The Daily Mail’s serialisation of Michael Ashcroft’s unauthorised “revenge biography” of David Cameron, with its revelations of “posh debauchery” by the future Prime Minister and his friends when at Oxford University, continuing into later life, were, depending on your point of view, amusing, or further proof of the vileness of the ruling class.
Unfortunately the “Chipping Snorton set” (as the Daily Mail put it) kept a much more serious story off the front pages of the papers. This was how Addenbrooke’s Hospital in Cambridge had been downgraded by the Care Quality Commission. It has gone from being a top ranking hospital to being an inadequate one, and it has been taken into “special measures”.
But the story highlights how the government is destroying the entire NHS.
According to Polly Toynbee (Guardian 22 September), Addenbroke’s is routinely over-run with emergency patients and that has proved its undoing as far as the CQC is concerned. It is just not coping with increasing numbers.
But the three major problems the hospital faces are not unique to Addenbrooke’s. These are cuts, cuts, and cuts.
First, cuts in social care means beds are taken up by frail and elderly patients. And of course there are not enough beds.
Second, cuts in nursing training and the blocking of visas for non-EU nurses means there are not enough staff. And because the local Trust relies on agency staff to cover itself, costs have spiralled and it has found itself with huge debts.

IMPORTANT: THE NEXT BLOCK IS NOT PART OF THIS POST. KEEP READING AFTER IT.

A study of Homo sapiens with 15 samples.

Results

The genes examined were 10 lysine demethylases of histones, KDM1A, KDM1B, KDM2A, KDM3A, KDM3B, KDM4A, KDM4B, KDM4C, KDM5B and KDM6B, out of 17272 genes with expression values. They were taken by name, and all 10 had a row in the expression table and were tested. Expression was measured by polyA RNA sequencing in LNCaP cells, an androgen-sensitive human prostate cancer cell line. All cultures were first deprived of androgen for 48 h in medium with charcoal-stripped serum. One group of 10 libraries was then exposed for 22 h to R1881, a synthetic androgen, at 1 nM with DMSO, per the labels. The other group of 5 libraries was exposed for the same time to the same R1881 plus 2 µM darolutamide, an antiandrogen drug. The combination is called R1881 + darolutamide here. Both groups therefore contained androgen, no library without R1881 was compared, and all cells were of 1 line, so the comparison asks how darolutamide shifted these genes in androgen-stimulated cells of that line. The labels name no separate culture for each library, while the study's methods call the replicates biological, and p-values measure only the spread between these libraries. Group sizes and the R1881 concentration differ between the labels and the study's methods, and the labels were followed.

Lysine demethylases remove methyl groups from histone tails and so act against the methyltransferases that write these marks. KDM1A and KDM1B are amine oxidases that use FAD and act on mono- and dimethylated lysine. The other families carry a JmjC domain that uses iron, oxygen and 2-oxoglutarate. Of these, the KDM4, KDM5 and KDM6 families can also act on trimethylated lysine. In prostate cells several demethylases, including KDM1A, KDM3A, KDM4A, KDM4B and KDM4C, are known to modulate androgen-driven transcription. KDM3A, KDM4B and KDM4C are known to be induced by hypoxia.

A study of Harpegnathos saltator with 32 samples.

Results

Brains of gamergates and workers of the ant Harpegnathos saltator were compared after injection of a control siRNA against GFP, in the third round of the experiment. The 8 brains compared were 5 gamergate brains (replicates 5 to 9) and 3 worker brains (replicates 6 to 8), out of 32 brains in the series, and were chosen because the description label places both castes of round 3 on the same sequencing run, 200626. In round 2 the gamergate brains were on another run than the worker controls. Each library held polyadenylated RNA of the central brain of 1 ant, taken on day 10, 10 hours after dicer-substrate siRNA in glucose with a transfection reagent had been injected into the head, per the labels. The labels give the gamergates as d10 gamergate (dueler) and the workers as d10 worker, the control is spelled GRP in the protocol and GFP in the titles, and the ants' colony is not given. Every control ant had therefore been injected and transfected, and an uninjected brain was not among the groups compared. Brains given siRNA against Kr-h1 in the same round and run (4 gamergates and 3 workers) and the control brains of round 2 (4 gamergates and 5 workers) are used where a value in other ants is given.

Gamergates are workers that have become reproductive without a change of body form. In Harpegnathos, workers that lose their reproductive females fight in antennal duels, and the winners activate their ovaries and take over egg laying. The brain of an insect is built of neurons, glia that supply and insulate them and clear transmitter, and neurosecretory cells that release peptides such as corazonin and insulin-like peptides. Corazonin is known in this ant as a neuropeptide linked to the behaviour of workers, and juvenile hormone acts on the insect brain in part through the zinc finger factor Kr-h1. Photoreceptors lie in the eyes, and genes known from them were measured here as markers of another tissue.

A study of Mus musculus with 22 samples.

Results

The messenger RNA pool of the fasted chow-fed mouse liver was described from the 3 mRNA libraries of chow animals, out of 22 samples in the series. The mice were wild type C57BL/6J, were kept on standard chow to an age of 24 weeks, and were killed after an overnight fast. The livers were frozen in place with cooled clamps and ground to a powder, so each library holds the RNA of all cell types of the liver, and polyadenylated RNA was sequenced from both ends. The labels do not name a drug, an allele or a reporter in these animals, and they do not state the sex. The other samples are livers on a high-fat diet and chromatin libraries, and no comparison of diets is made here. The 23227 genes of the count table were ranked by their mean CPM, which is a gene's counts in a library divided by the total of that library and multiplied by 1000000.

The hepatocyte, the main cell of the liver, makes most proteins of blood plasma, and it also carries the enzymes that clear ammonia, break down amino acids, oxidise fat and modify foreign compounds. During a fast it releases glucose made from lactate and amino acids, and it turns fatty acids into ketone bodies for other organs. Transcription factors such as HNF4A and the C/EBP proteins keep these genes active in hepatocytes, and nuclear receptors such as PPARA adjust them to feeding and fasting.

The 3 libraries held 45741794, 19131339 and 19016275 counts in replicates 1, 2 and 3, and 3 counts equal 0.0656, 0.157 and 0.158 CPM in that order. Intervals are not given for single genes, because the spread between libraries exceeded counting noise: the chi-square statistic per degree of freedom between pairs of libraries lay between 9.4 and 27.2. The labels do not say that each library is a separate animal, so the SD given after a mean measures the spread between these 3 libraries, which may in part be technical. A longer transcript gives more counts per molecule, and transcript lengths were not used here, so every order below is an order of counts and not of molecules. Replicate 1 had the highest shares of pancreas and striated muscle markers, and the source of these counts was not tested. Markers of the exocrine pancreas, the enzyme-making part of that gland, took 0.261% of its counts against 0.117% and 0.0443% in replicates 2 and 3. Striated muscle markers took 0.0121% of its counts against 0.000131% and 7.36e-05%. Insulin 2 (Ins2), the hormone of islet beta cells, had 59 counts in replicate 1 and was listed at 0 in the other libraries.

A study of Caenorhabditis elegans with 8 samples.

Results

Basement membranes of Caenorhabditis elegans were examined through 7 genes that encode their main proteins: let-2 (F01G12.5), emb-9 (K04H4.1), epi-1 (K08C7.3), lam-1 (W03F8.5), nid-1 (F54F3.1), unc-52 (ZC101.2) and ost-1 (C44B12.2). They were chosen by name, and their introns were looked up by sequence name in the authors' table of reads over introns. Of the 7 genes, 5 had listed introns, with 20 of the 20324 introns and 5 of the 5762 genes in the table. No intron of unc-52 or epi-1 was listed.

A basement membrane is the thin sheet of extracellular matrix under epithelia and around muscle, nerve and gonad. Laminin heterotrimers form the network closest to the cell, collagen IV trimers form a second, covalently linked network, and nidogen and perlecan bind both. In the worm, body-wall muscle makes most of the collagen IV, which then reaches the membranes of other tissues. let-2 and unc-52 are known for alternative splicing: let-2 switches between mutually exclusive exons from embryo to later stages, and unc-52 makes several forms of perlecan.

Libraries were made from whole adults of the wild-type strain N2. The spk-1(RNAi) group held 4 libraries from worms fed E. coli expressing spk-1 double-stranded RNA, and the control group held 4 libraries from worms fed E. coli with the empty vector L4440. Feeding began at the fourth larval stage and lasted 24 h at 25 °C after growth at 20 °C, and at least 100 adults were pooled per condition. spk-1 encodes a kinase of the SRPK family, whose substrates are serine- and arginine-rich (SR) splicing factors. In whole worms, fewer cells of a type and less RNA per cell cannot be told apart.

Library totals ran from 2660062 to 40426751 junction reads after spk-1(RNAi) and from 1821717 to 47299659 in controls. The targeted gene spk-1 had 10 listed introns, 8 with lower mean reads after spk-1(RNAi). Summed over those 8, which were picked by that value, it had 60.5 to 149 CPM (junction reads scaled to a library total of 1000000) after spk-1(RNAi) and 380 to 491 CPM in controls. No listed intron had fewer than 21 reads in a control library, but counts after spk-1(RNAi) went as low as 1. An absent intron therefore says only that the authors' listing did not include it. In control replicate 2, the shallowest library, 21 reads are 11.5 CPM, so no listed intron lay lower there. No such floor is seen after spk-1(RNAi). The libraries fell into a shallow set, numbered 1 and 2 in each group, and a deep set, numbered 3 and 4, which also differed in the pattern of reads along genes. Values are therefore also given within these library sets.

Third, the money the Trust gets from the government, like the rest of the NHS, does not match the needs of the population. NHS England has calculated it is £22 billion short of what it needs.
The problems in Cambridge — staff shortages and spiralling debts — are very similar to those at Barts Health NHS Trust (the biggest in the country) which has also been placed in special measures. Except Barts, like many other NHS Trusts was also saddled with impossibly high re-payments on a PFI scheme.
Last year all NHS organisations (hospitals, mental health trusts, community providers and ambulances combined) end up £800 million in deficit. Meanwhile the NHS is being told to make £22 billion in “efficiency savings”.
The new leader of the Labour Party, Jeremy Corbyn, has said we need to “remove the PFI burden from the NHS – this really was our mess, and we have to clear it up”. Absolutely right. In fact Labour should make campaigning for the NHS central to its political opposition to the Tories
For 60 years the NHS has been a beacon of solidarityy. Over the last thirty years — as David Cameron’s class systematically destroyed the welfare state, cut benefits, social services and made young people pay to get a higher education — it has survived. Because it survived it has done a lot to keep alive the ideas of equality and humanity in the face of the cruelty and ruthlessness of neo-liberal capitalist orthodoxy.
But the NHS may not survive five more years, the years until the next election.
The fight to save the NHS and to restore everything was have lost over the last thirty years must start now. We meed groups of Corbyn supporters to organise into activist groups to transform local Labour Parties and to organise to stop cuts in local areas. We need trade union activists to push for their unions to raise the political pressure inside Labour.
As part of building and consolidating local groups and campaigns we need the biggest possible mobilisation on 4 October outside Tory party conference in Manchester.
That protest needs to have clear, socialist demands:
Tax the rich harder. Nationalise the banks and big financial institutions to create a public banking system;
Scrap PFI. Rebuild the NHS as a public service. Run this and all services under democratic workers’ and community control.